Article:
In my column in Friday's weekend, I write about The Flaming Lips, who perform in New York Sunday and Monday. I talk with bassist Michael Ivins, which was a pleasant surprise since each time I've talked to a Lips member it's been Wayne Coyne. It was kind of cool to the speak with the most silent guy in the band.
So in preparation for that column, I thought we'd make this week's Way-back Wednesday about the Lips' "Hit to Death in the Future Head," the band's 1992 major-label debut. There's no doubt the group's masterpiece is 1999's "The Soft Bulletin," a record I consider one of, if not the best of that decade. And I also believe that the trio's last three discs, beginning with "Bulletin," are clearly its creative peak, but "Future Head" has a special place in my heart.
Most critics consider 1990's "In a Priest Driven Ambulance" the best disc made by the Lips during its noise-rock period, meaning pre "Transmissions From the Satellite Heart." They consider "Future Head" just a step sideways from "Priest," and although I agree that it doesn't do much sonically different than "Priest," "Future Head" features better songwriting.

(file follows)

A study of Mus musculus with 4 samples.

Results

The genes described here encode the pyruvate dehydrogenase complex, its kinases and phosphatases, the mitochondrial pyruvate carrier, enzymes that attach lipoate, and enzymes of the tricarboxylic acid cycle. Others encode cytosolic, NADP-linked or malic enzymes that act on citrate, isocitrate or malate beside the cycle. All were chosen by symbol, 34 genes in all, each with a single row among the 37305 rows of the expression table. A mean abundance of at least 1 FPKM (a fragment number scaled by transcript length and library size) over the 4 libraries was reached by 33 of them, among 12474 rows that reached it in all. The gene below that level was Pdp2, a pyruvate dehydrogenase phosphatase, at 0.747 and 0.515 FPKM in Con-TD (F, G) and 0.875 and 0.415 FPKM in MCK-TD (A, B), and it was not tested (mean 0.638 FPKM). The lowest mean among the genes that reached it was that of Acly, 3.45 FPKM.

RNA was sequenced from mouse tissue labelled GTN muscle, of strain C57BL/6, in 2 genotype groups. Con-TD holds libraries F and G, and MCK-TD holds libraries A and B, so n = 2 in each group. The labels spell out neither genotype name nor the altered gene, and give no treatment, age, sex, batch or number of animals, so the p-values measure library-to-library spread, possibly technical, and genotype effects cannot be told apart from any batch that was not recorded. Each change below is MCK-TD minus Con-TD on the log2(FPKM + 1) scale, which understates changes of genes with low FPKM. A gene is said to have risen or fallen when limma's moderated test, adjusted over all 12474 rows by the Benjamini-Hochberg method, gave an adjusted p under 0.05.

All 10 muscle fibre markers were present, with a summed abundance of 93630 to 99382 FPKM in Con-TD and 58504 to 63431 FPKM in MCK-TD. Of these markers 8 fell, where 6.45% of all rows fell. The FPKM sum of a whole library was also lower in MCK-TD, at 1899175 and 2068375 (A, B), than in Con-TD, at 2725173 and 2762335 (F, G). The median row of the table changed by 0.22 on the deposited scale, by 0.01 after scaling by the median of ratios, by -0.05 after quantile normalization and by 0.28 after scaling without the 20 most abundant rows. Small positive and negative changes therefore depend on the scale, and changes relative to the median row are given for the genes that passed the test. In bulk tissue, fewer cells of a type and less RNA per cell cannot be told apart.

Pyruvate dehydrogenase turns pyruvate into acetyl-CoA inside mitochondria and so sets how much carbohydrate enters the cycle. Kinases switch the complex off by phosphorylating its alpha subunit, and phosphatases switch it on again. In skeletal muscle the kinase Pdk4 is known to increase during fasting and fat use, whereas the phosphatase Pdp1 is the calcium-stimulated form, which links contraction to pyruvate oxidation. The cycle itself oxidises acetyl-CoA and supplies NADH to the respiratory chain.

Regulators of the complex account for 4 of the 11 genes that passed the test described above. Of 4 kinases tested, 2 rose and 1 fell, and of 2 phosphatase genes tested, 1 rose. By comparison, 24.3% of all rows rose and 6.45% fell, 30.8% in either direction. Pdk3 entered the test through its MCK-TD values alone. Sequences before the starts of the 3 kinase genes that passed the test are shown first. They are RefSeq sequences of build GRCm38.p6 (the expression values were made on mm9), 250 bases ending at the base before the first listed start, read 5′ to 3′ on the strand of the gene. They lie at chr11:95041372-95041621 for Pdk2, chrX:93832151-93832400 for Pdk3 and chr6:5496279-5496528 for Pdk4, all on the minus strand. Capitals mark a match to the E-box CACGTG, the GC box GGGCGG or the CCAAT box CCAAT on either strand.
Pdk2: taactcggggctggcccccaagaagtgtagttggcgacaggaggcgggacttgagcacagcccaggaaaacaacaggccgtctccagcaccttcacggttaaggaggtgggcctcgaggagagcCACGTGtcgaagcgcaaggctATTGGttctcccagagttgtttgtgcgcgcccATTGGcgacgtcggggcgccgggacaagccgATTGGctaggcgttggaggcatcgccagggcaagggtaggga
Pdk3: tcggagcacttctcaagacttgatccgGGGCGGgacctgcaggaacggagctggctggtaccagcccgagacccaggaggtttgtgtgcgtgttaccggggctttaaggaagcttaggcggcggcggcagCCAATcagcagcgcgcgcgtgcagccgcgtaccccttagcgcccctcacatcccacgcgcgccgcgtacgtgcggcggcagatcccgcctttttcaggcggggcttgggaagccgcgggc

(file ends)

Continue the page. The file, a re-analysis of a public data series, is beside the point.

From the apocalyptic "Frogs" to the Jonathan Donahue-penned "Gingerale Afternoon," the record is incredibly tight, with not a bit of filler. "Future Head" also finds Coyne and the boys experimenting with some of the pysch-heavy, acoustic-based pop of future albums on tunes like "You Have to Be Joking," which could be an outtake from "Transmissions" or "Clouds Taste Metallic."
Overall, this is just one of the discs that rewards upon repeated listens. When judging the Lips, so many use advancement as a benchmark. People won't give records that don't represent a large step forward a fair shake, and that's the problem with "Future Head": It doesn't deviate enough sonically from "Priest."
But I don't care. It's my favorite pre-"Bulletin" record and I'm sticking to that. Go take a listen and judge for yourself.